Taiwan Business in Brief – May 2017

NEW HIGH — Hon Hai (Foxconn) Chairman Terry Gou at an internet exhibition. The contract electronics company has announced record earnings worth nearly US$5 billion for 2016. Photo: CNA

 Hon Hai Ends 2016 on High

Hon Hai Precision Industry Co. (also known as Foxconn) reported its full-year results on April 1, disclosing that the world’s largest contract manufacture of electronics saw record high earnings in 2016 of NT$148.66 billion (US$4.9 billion), up 1.22% from last year. Mirroring Taiwan’s overall exports, Hon Hai had been slumping for the first three quarters of 2016 before a surging Q4 made up for the previous disappointing results and propelled Hon Hai to its new high.

TSMC Misses Revenue Goals

Taiwan Semiconductor Manufacturing Co. (TSMC), the world’s largest foundry chipmaker, missed its first quarter guidance by NT$6 billion (US$196.7 million) on a stronger than expected NT dollar, according to media reports on April 11. TSMC’s posted Q1 consolidated revenue came to NT$233.91 billion, lower than the projected range of NT$236 billion to NT$239 billion. Q1 revenue was up 14% in annual comparisons, though it saw a quarterly decline of 10.79%. TSMC blamed the strength of the NT dollar for the miss, saying that the 2% rise in value, from NT$32/US$1 to NT$31.16/US$1 caught the firm by surprise. This was the biggest shortfall in sales against analysts’ forecasts since the financial crisis of 2008-2009. TSMC is one of Taiwan’s largest companies and is considered vital to the health of the overall economy. Despite the missed guidance, analysts remain bullish on TSMC.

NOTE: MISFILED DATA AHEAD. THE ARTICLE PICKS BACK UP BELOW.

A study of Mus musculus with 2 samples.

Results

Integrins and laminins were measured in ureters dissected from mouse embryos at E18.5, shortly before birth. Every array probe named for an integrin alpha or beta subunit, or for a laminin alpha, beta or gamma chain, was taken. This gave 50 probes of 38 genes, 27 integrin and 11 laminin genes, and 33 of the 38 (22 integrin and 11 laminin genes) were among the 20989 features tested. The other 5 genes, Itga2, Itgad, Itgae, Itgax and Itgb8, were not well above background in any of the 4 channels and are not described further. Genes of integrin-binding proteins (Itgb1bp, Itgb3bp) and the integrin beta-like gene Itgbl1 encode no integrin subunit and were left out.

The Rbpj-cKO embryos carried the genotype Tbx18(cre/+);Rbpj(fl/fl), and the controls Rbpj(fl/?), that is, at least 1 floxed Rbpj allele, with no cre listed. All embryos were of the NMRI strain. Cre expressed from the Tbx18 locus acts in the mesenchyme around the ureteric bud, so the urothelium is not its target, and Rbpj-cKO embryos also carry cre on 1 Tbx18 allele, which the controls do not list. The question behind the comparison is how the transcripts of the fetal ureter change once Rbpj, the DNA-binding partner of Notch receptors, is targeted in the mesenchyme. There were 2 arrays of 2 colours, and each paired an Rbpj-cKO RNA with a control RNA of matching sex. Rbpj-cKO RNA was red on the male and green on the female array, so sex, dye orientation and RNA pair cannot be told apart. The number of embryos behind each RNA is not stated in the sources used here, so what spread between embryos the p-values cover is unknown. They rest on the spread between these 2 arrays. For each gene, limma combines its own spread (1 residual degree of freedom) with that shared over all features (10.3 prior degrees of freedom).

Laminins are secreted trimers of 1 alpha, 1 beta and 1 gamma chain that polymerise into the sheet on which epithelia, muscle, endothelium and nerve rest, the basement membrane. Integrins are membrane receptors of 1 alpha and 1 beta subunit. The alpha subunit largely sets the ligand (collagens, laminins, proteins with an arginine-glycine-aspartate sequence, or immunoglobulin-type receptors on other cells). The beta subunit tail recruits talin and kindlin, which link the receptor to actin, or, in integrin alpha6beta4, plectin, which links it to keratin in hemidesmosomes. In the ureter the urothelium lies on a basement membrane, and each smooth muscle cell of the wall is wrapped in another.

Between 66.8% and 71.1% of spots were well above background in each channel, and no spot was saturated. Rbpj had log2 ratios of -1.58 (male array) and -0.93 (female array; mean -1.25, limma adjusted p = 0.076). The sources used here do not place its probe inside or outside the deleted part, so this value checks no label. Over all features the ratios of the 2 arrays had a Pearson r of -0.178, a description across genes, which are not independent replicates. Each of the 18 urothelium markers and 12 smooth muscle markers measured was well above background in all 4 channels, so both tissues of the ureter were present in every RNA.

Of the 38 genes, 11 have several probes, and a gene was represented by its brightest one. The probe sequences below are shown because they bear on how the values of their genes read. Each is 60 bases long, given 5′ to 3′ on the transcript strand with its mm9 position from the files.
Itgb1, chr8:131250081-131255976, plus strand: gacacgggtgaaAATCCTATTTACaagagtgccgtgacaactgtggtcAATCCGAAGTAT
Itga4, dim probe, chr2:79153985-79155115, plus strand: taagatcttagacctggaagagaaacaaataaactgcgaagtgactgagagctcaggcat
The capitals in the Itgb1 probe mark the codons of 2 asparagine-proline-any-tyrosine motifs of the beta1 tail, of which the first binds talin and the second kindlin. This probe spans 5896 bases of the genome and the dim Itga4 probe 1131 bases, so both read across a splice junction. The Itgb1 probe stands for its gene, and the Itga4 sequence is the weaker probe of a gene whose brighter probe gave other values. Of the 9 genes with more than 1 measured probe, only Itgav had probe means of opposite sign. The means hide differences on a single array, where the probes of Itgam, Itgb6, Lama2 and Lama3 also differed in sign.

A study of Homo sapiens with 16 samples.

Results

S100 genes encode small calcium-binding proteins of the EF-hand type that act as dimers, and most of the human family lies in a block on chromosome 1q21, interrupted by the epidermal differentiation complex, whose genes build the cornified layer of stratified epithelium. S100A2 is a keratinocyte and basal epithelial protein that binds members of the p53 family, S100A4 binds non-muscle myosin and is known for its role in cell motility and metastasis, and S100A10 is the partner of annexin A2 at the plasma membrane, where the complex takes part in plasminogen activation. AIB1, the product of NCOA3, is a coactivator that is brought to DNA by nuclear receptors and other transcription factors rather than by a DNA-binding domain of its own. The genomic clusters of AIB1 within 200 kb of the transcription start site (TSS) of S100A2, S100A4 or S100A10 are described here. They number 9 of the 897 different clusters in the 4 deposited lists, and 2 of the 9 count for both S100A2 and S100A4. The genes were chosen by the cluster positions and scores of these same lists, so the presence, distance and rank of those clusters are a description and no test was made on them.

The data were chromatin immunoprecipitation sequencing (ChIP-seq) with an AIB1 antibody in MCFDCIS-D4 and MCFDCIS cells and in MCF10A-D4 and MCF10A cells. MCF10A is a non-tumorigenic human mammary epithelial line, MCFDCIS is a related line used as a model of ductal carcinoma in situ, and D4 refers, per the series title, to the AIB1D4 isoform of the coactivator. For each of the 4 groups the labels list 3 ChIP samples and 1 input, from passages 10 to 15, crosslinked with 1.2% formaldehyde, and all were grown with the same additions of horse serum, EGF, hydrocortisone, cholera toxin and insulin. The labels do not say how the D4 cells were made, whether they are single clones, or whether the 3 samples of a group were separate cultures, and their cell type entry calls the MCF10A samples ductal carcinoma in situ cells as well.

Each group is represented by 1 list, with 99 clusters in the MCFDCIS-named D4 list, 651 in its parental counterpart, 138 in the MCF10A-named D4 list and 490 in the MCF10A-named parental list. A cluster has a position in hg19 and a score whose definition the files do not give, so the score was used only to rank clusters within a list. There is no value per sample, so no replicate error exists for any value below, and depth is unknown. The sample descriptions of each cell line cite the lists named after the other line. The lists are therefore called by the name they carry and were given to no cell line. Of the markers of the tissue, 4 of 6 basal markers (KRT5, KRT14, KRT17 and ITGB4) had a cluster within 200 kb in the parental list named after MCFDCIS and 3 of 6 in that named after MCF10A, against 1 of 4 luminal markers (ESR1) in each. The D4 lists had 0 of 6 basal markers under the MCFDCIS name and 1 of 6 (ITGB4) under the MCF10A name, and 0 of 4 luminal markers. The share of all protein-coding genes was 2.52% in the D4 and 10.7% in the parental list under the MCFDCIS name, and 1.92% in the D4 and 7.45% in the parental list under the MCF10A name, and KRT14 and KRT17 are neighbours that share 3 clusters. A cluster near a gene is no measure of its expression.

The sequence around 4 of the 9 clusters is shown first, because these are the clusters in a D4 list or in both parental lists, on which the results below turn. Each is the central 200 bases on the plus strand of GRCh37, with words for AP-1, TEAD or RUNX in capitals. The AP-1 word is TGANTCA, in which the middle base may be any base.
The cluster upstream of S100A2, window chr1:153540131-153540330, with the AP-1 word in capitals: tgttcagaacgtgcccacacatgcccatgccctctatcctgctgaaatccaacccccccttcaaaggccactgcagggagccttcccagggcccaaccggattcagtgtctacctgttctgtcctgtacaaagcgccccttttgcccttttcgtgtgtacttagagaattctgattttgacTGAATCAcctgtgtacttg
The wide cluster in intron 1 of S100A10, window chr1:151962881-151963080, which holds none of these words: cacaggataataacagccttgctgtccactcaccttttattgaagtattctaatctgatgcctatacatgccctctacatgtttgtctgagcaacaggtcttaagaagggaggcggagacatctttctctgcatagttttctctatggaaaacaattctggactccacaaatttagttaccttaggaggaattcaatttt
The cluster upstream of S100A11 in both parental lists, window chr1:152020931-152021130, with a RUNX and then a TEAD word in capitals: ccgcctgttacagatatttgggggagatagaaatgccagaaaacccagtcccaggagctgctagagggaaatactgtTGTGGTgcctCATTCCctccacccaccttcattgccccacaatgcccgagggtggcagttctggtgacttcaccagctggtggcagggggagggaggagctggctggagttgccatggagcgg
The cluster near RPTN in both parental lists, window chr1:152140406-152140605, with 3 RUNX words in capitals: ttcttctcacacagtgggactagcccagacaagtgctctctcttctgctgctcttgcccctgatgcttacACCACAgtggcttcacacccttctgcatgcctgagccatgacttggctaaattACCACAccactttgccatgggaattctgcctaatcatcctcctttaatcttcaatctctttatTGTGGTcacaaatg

Biotech Struggles for Profitability

The struggles of two of Taiwan’s most renowned pharmaceuticals firms points to the risks involved in biomedical research. TaiGen Biopharmaceuticals Holding Ltd., founded in 2001 with the help of the National Development Fund (NDF), announced on April 18 that it had received 137 million RMB (US$19.9 million) from China’s YiChang HEC ChangJiang Pharmaceutical Ltd. to jointly develop a new treatment for chronic hepatitis C. The announcement was reportedly to allay investor concerns that the firm would soon lose funding from the NDF, which is reportedly seeking to exit its earlier investments in order to free up funds for investments in new firms and technologies.

Another firm that likewise was fostered by the NDF, TaiMed Biologics Inc., has recently begun to book sales of its breakthrough HIV medication, Ibalizumab, but nevertheless analysts remain skeptical that the firm can deliver a profit in the near future. Ibalizumab has recently been approved under the U.S. “fast track” process, yet analysts express concern that its high price – US$60,000 per patient per year – will greatly limit its market. Further, the launch of the drug will likely be delayed in Europe due to the lack of fast track approval.